Just as May Day in Oxford mixes the sacred and the profane/secular (Magdalen College choristers singing in the dawn and wasted undergrads flinging themselves with abandon into the murky Cherwell), so the Spanish Catalans make merry family outings to the Abbey of Montserrat near Barcelona.
On a pristine Spring morning Philippa and I zipped up the elephant hide-like old Saw Tooth on the Cremerella (which means zip rail) packed to capacity with parents old and young, pushchairs, toddlers and teenagers.
Thousands of holiday makers and pilgrims filled cathedral, plazas, hotel, shops and museums of the mountaintop town.
The ultra ladylike Mitsuko from Japan disappointed me because she had never heard of Mitsuko Uchida.
The main draw of Montserrat is the miracle making Black Madonna, one of several dozen unearthed in every corner of Europe and presented as proof of her African/Middle-Eastern/Gipsy heritage by different pressure groups. Realizing I didn’t have the stamina to inch my way up the queue to touch her (it would have taken at least 3 hours) I contented myself with a far-off if blurry view.
An excited group of Keralan nuns from the Sisters of Charity of Santa Anna of Zaragossa kindly posed for me.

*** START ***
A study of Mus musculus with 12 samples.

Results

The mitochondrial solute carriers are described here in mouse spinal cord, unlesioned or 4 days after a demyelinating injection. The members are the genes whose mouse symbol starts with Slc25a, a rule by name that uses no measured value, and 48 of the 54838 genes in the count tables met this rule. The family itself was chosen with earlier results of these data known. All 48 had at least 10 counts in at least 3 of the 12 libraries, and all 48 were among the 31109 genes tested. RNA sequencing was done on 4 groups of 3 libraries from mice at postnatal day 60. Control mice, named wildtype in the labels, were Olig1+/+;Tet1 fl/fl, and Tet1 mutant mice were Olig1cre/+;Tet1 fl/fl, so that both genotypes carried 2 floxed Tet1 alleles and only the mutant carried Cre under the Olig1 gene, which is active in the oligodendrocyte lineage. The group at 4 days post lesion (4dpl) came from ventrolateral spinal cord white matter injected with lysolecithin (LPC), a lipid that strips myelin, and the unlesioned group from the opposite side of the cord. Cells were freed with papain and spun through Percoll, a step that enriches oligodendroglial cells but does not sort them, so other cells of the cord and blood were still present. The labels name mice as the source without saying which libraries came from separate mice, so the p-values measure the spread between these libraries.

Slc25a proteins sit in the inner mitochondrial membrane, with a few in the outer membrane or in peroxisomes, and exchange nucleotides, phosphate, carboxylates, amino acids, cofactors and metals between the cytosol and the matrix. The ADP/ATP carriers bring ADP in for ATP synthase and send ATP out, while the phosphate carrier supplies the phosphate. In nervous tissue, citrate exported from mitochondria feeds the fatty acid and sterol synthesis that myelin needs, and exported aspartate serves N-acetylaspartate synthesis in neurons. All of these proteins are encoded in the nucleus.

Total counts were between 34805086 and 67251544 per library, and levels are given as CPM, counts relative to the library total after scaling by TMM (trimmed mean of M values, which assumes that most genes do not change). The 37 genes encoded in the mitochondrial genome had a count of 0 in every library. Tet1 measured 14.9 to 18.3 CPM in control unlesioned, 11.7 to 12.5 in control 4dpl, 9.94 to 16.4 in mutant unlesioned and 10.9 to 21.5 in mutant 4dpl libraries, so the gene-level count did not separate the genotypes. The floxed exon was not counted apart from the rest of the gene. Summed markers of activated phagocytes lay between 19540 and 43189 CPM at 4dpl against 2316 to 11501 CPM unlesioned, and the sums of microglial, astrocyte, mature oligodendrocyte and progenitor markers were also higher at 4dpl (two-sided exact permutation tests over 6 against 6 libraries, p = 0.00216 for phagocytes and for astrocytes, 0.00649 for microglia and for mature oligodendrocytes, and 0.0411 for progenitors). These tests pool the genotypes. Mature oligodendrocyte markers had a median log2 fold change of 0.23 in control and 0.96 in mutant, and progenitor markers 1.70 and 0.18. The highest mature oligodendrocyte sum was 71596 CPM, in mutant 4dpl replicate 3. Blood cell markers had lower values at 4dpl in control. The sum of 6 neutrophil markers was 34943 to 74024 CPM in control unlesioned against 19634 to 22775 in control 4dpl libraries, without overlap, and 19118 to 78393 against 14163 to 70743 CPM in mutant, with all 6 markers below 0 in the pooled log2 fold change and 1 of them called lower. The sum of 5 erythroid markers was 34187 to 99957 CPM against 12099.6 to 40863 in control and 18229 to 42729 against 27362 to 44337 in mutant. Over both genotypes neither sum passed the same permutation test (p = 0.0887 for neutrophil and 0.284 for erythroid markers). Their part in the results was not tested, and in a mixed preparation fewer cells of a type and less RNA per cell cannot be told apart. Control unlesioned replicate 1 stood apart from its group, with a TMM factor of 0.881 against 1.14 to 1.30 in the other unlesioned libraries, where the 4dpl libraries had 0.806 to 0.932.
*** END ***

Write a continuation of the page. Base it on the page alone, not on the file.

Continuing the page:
In fact I only saw one, rather beautiful, European nun. Nunneries and monasteries everywhere are desperately opening their portals to aspirants to holy orders from Africa and Asia; and after a truly horrifying BBC 2 documentary about the extent of child abuse by parish priests, and subsequent cover-ups in Ireland, the falling away from the Catholic Church is hardly surprising.
Like the other two sacred mountains of the Eastern Pyrenees, Montserrat is shrouded in enough mystique and mumbo-jumbo to provide ongoing fodder for many more Dan Browns. In 1940 Himmler came looking for the Holy Grail, while his Fuehrer was trying to do a deal with the newly installed General Franco. The Nazis, who still keep popping up into every post-war conspiracy theory and fantasy, were rather keen on acquiring the Grail. it would have given them all sorts of magical powers to rule the world- what else?
Hitler was merely following the story of Parsifal, who had been the inspiration for Wagner’s opera. Wagner based his libretto on the story written down by Robert De Boron (1191-1202) in which Joseph of Arimathea (the same well-travelled Joseph who also somehow arrived in Glastonbury, Somerset) managed to secrete the chalice of the Last Supper in order to collect the Holy Blood at the time of the Crucifixion. He subsequently founded the mystical order of the Knights of the Grail, which is where we meet Parsifal. Wagner mentions Montserrat (some think it is Montsegur in France), so Himmler felt it would be worth a detour to see if he could grab the Grail from the resident Benedictine monks. Unlike Harrison Ford he never found it.
Other, infinitely sunnier, aspects of Montserrat are the Abbot, who Philippa tells me is a truly good and holy monk, and the music of Manuel Blasco (1750-1784). Some of his manuscripts were sequestered in the monastery library. His music is reminiscent of Scarlatti and sometimes one even catches a melancholy strain of Chopin.